The State of Victoria is facing a raft of private legal action in the wake of the prolific child sexual offending of former Ballarat teacher Vincent Reynolds, The Courier has learned.
Dozens of survivors have already launched legal action - or are about to do so - suing the state for alleged mistakes that allowed Reynolds access to children.
The Courier understands much of the action centres around the Department of Education's knowledge of Reynolds' proclivities.
Reynolds, who pleaded guilty to 42 offences last month, began his teaching career at a tiny regional school near Ballarat in 1960.
He taught for some time around Ballarat in the 1960s and early 1970s, changing schools frequently. He is thought to have worked for at least six schools in the immediate area including primary schools at Sebastopol, Ballarat, Linton and Wendouree.
He then moved to the north-east in the 1970s, where his offending continued. He is known to have molested students at a number of schools including Wodonga, Yackandandah, Dederang and Myrtleford.
He is thought to have been referred to a psychiatrist in the early 1980s, but allowed to return to his teaching shortly afterwards, where he continued to abuse. Most of his victims were boys under the age of 16.
Reynolds had a teaching career spanning more than three decades. He eventually retired in 1992. Now aged 78, he still lives in the North East region.
Grace Wilson, a partner at Rightside Legal law firm, told The Courier that there were five statements of claim already filed with at least 20 cases pending from her company alone. Earlier this week, The Courier told the story of another survivor suing the state through a separate law firm, Arnold Thomas & Becker.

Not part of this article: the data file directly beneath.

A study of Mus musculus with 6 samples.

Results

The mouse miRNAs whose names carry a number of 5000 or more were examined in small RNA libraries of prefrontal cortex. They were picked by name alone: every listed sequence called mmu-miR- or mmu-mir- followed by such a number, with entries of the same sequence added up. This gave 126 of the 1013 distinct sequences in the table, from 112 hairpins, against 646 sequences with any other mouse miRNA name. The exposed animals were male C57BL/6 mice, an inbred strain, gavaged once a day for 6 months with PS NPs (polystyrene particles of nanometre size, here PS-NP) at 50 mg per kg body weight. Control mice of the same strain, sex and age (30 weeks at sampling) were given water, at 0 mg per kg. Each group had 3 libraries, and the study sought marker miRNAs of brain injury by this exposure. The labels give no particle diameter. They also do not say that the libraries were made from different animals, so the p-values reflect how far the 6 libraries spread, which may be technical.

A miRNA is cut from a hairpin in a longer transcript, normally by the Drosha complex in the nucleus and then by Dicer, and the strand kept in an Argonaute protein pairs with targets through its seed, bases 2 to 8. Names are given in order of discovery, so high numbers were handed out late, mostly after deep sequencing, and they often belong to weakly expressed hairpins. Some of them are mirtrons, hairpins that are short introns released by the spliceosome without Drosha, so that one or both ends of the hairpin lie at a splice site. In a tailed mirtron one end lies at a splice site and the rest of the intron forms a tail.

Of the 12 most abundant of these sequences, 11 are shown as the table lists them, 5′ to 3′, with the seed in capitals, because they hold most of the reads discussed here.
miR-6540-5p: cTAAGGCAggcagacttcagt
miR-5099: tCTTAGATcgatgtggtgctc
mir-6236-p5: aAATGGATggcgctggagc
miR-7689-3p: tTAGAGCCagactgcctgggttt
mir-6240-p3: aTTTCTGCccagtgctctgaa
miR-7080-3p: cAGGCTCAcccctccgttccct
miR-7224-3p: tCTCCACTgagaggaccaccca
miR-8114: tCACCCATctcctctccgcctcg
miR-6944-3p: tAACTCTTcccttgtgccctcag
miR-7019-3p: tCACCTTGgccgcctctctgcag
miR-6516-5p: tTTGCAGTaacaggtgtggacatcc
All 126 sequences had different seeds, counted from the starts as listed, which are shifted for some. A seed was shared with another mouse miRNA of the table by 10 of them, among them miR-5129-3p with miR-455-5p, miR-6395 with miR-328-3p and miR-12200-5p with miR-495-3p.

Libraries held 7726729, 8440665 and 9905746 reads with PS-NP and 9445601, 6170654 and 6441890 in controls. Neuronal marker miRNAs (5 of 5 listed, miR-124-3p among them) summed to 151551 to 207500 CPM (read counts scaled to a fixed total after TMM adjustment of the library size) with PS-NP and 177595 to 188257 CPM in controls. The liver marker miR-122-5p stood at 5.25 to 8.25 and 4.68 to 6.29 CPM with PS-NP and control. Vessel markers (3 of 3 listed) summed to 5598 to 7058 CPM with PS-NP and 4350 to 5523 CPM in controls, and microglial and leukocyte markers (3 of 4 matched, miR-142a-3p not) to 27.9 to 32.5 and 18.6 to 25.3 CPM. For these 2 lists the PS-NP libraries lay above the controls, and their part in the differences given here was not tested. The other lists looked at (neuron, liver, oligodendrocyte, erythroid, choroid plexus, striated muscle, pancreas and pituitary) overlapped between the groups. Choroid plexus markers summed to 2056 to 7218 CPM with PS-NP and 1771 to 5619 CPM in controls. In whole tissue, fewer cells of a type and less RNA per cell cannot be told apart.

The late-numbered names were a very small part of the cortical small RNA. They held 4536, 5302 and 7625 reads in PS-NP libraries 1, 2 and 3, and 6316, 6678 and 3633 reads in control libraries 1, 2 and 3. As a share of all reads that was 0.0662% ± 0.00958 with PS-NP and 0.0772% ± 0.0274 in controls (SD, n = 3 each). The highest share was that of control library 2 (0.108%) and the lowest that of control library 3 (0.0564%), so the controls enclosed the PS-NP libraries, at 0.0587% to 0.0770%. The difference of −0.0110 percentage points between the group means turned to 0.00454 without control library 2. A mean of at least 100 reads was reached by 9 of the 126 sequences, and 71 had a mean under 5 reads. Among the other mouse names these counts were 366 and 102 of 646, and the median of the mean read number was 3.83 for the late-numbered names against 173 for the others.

Ms Wilson said at least two of the survivors who had come forward were suffering from "shockingly poor mental health" and that she hoped to fast-track their claims.
Many were abused by Reynolds despite signals that he was a danger to children, she said. "Even after there were repeated warnings, he kept on going back to the classroom".
She said the wave of litigation against the State was comparable to the number of cases prompted by abuse carried out by Robert Leonard Morris, another teacher who molested children at schools around Victoria.
The one case that went to trial led to an award of $725,000 going against the State in favour of one of Morris' victims. Others were settled out of court for more. By comparison, the National Redress Scheme caps compensation at $150,000.
Ms Wilson said her law firm will claim "aggravated or exemplary" damages, which apply when negligence is deemed so serious that a special penalty should be imposed as a deterrent.
Ms Wilson also suggested that previous victims who had settled out of court agreements after Reynolds was charged in the 1990s might be eligible for further compensation.
This week, AAP reported that Victorian victims of institutional child sex abuse could overturn unfair compensation payments under a new government reform, a move warmly welcomed by Ballarat survivor Phil Nagle.
Courts would be able to set aside a past deed of release or judgement, the Andrews Labor government announced on Friday.
Reynolds is due to be sentenced on June 27.